Bruce Willis' wife asks paparazzi to 'keep your space' in wake of his dementia diagnosis


Less than three weeks after the actor's family announced that Willis' condition had progressed from an initial aphasia diagnosis and been identified as frontotemporal dementia, Heming Willis called out photographers and videographers over a recent incident in which Willis, 67, was snapped while meeting friends for coffee in Los Angeles.

"If you are someone who is looking after someone with dementia, you know how difficult and stressful it can be to get someone out into the world and just to navigate them safely, even just to get a cup of coffee," she said in an Instagram video posted over the weekend. "So in the spirit of raising awareness about dementia, it's clear that there's still a lot of education that needs to be put forth. So this one is going out to the photographers and the video people that are trying to get those exclusives of my husband out and about. Just keep your space."

Bruce Willis and Emma Heming Willis
Bruce Willis and Emma Heming Willis

Jamie McCarthy/Getty Bruce Willis and Emma Heming Willis

Heming Willis, who has been married to Willis since 2009, continued: "I know this is your job, but maybe just keep your space. For the video people, please don't be yelling at my husband, asking him how he's doing, or whatever. The woo-hooing and the yippee-ki-yays — just don't do it, okay? Give him his space. Allow for our family or whoever's with him that day to be able to get him from point A to point B safely. That's my PSA."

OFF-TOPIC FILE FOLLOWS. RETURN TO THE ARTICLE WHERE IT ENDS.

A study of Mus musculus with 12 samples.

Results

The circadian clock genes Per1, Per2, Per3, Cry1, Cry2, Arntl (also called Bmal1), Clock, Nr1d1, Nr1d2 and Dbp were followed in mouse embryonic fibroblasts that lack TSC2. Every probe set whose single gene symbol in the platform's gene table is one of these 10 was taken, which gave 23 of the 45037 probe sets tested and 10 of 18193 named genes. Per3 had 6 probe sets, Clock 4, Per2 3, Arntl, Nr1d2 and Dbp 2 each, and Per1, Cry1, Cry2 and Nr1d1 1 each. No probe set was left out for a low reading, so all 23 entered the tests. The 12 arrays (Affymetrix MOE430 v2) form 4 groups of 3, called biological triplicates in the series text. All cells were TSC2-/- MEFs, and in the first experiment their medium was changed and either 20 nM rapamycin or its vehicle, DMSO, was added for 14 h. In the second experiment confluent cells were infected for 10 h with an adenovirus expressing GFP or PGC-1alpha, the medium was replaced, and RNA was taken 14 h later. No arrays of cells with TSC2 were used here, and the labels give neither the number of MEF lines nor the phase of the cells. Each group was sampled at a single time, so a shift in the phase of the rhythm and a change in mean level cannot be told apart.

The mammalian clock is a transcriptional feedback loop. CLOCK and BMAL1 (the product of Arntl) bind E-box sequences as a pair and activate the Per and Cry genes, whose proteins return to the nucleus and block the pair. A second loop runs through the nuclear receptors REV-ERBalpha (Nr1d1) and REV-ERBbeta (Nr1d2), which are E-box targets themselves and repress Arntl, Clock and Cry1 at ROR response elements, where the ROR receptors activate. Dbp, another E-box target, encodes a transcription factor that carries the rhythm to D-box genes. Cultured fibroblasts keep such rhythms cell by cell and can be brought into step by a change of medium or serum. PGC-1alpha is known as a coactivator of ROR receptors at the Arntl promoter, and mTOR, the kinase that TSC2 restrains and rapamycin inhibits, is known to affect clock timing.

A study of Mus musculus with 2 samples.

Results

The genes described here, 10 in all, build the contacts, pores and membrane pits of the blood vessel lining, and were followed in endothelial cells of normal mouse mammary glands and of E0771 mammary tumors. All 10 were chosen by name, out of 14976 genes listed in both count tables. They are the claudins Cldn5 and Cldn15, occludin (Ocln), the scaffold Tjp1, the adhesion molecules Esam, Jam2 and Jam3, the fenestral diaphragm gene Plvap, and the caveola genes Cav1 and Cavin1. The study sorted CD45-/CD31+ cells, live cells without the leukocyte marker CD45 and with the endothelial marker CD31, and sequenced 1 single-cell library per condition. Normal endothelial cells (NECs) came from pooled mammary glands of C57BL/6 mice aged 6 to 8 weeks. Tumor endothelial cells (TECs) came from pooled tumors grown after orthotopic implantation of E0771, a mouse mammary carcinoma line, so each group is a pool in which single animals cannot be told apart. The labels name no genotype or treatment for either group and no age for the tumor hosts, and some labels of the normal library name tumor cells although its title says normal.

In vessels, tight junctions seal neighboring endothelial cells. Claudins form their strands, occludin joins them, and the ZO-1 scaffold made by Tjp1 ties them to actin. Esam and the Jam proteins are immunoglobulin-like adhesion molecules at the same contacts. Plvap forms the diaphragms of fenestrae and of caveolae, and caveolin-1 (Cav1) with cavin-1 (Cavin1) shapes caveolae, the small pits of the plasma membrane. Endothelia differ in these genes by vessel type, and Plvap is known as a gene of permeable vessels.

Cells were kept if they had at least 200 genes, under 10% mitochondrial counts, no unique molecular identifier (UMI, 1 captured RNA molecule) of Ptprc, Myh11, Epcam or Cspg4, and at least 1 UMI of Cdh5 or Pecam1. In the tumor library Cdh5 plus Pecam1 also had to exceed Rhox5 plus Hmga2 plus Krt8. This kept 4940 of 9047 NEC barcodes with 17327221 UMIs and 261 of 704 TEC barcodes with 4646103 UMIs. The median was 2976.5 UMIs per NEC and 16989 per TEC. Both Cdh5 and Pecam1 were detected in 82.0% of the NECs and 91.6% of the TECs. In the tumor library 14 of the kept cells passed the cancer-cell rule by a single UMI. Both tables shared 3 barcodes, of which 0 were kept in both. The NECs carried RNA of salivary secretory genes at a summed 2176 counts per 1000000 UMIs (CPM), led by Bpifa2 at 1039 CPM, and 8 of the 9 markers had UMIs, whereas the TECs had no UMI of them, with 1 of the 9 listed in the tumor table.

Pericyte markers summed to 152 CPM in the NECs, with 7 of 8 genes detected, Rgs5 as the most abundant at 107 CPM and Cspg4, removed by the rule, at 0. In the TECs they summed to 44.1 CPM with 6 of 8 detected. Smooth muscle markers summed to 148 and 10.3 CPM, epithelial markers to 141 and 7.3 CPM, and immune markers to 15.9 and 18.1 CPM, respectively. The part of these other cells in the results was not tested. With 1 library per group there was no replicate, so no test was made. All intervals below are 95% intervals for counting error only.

Willis' family announced last year that he was "stepping away" from acting after being diagnosed with aphasia. Last month the family provided an update, noting that the Die Hard and Moonlighting star's condition had advanced and he had received a more specific diagnosis of frontotemporal dementia.

According to the National Institute on Aging, frontotemporal dementia, or FTD, results from damage to neurons in the frontal and temporal lobes of the brain. Symptoms can include "unusual behaviors, emotional problems, trouble communicating, difficulty with work, or difficulty with walking."

In their announcement last month, Willis' family — including his ex-wife Demi Moore and children Rumer, Scout, Tallulah, Mabel, and Evelyn — gave thanks for "the outpouring of love and compassion for Bruce" since his initial diagnosis and reiterated their desire to raise awareness for FTD. "Today there are no treatments for the disease, a reality that we hope can change in the years ahead," they said. "As Bruce's condition advances, we hope that any media attention can be focused on shining a light on this disease that needs far more awareness and research."